In her introduction to the performed lecture Temple of Love (2020), recently presented at MO.CO in Montpellier, France, Gaëlle Choisne addressed the public with a Haitian Creole expression: cric crac. According to oral tradition, the person wanting to tell a story shouts out ‘cric’, to which their audience responds ‘crac’ if they wish to listen.
To those who want to hear it, the artist outlines her personal details: a Haitian mother, a Breton father, and the difficult transmission of a story marked by the ravages of the Duvalier dictatorship. Then, the subject of her work: vestiges of colonialism (universal expositions, gardens, greenhouses, architecture) and the incarnations of its continuum (merchandise and commodities, extractivist practices, vernacular survivors and globalized cultures) at the time of the sixth mass extinction.
To invest the density of these complex and shifting dynamics in perpetual revolution, Gaëlle Choisne uses choral art forms that she readily describes as experimental. If sculpture, installation and a taste for abrupt confrontations with raw materials have always accompanied the artist, her video practice, which navigates between documentary, found footage and speculative narratives, plays an equivalently important role. Between these two great families consistently populating her work intervene collections of found objects, some of which have been preserved for many years, showing her special attention to charms, amulets, talismans, and playing cards, among many other things. These collections convey the artist’s interest in the occult, in taxonomy, exoticism, merchandising, spirituality and popular practices sometimes referred to as ‘amateur’.
In the publicatio Autobiographical Voices: Race, Gender, Self-Portraiture, published in 1989, Françoise Lionnet borrows the ideas of métissage and bricolage from Édouard Glissant and Claude Levi-Strauss to form an aesthetic category of ‘creative instability’, in which the pure and the unitary are irrelevant, as with Choisne. In contrast, the affirmation of a practice of multiplicity and hybridization enables the production of new empowering narratives that nourish the heterogeneous and shifting identities of postcolonial subjects. Amongst them, F. Lionnet focuses on describing autoethnography, a strategy of disrupting colonial cultural economies through a self-writing method – reflexive and anthropological – that constantly navigates the multiple to the individual, allowing itself to borrow the voice and tone of the colonizer while distorting the objects of study.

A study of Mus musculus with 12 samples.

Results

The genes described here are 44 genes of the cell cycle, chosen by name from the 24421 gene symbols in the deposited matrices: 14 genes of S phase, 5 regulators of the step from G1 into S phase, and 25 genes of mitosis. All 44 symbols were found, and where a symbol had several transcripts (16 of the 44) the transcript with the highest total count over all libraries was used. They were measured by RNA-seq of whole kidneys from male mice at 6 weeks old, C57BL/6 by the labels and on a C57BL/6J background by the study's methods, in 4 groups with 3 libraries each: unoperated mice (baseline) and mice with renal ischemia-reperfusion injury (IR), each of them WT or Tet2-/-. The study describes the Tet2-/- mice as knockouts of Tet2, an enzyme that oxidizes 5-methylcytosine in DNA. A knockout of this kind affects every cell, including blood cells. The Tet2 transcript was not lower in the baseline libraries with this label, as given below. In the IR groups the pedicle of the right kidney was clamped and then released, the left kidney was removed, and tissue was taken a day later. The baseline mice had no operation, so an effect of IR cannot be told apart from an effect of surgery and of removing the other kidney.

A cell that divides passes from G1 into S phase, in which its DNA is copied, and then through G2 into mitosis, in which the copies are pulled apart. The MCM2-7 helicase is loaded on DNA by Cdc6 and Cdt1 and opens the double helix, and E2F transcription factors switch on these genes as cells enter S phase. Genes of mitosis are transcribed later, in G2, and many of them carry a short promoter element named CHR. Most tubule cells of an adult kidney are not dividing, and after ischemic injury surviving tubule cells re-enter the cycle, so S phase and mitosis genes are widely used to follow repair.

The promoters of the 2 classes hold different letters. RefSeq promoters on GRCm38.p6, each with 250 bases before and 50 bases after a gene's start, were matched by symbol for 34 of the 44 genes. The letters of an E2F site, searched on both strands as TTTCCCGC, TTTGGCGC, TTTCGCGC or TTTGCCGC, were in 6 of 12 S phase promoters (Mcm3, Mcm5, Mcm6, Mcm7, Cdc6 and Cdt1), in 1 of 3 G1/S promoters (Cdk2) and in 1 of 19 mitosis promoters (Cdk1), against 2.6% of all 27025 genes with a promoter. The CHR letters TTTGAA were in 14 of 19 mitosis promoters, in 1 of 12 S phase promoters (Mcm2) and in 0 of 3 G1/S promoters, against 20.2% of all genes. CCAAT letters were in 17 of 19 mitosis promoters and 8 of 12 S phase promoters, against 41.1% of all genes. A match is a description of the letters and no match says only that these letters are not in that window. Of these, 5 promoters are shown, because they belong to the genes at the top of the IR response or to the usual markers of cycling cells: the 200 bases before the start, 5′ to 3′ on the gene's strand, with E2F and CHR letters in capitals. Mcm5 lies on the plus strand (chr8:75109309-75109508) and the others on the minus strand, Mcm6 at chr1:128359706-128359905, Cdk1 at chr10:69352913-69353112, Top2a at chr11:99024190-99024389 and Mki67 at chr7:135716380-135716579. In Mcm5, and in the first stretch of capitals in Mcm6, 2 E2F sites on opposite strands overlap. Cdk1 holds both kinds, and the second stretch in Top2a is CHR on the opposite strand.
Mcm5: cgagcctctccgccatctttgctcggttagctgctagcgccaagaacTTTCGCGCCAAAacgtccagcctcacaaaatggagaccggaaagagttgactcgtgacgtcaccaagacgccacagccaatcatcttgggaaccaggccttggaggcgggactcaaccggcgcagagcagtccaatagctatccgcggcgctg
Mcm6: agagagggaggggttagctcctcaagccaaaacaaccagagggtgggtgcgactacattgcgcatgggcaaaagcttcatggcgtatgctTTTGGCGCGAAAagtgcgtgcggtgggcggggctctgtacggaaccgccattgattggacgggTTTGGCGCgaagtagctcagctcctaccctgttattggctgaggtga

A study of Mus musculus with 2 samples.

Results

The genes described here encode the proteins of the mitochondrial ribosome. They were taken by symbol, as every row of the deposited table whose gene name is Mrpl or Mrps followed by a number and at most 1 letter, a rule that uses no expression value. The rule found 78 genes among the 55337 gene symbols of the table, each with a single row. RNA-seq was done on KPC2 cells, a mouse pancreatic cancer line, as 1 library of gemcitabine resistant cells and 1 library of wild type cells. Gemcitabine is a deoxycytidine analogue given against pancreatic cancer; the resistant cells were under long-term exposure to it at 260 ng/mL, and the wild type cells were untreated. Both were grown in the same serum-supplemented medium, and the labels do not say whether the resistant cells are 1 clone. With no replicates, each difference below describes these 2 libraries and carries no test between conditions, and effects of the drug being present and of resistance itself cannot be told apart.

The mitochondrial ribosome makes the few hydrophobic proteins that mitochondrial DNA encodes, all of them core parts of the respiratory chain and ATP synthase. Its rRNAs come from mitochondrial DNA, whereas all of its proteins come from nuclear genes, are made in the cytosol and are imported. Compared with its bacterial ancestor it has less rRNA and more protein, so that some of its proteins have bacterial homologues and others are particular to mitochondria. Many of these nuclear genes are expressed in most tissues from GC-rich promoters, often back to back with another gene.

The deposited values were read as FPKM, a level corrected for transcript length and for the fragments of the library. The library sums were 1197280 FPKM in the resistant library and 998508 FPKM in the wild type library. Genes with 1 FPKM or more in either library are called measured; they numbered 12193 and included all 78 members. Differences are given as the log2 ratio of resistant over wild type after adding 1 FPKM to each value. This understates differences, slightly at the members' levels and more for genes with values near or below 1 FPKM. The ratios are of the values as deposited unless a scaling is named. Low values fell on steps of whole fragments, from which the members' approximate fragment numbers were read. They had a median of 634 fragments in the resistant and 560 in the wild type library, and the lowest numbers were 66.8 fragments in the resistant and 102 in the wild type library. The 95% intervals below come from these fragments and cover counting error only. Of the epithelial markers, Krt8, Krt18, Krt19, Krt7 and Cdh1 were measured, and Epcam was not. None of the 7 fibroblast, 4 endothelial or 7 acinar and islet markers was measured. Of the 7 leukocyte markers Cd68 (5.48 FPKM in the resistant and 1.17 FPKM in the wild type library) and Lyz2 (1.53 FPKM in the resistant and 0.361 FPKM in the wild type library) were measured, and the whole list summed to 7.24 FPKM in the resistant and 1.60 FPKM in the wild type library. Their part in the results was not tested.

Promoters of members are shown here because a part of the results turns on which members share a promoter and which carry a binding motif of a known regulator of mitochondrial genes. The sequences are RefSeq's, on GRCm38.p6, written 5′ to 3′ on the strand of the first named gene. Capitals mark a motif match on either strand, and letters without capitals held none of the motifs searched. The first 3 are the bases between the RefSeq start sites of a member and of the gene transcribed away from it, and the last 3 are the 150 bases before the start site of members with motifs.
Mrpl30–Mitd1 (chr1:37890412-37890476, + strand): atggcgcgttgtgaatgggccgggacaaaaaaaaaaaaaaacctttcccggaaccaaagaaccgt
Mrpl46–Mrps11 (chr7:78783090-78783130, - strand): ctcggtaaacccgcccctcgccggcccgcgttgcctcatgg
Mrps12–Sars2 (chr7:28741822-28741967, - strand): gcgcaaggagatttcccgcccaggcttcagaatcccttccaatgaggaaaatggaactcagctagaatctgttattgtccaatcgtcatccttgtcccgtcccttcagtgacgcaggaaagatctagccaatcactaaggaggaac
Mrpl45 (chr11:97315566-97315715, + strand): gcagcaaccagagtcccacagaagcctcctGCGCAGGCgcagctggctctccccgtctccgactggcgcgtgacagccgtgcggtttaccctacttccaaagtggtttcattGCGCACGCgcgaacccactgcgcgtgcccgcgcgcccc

In her recent film Accumulation primitive (2020), Choisne sets out to meet several women: a healer (docteure-feuille, in French, which literally translates as plant or leaf doctor) and a voodoo priestess in Haiti, as well as the French artist and music producer Christelle Oyiri and her mother, Marie-Carmen Brouard. These stories are intertwined with archival videos, poetic evocations of Haiti and philosophical reflections on the enslavement of women. Through trial and error, Choisne seeks out the emancipatory connections that can link a collective and personal history to the disorders of the present. Playing the role of an orphan, she constructs her own genealogy through the capacities of endurance, mutation and transmission of the subjects she represents – and of herself.
Text by Thomas Conchou
Gaëlle Choisne (b. 1985, France) lives and works between Paris and London. She also works with a number of public and private institutions in Haïti, where she is engaged in various alternative, collective and cultural projects. Selected solo exhibitions include Défixion, curated by Nicolas Bourriaud, archaeological site of Lattara – Musée Henri Prades, in collaboration with MO.CO., Montpellier, FR (2020); Temple of Love, Nuit Blanche, Musée d’Art Moderne de Paris, FR (2020); Temple of Love — Adorable, The Mistake Room, Los Angeles, CA (2019), Temple of Love, Bétonsalon, Paris, FR (2018). Her work was exhibited in international group exhibitions including the 15th Biennale de Lyon (2019); the 14th Curitiba Biennial, Brazil (2019); the Sharjah Biennial 13, Beirut (2017); the 12th Havana Biennial, Cuba (2015); and the 13th Biennale de Lyon (2015). She has also had the opportunity to exhibit her work in international institutions such as the Musée des Beaux-Arts in Lyon; the MAMO, Cité Radieuse of Le Corbusier, Marseille; the CAFA Museum in Beijing, and the Pera Museum in Istanbul.
Selected public and private collections: Musée Fabre – Fondation Tiphaine, Montpellier, FR; Kadist, Paris, FR; FRAC Champagne Ardenne, Reims, FR; and CNAP (Centre national des arts plastiques), Paris, FR.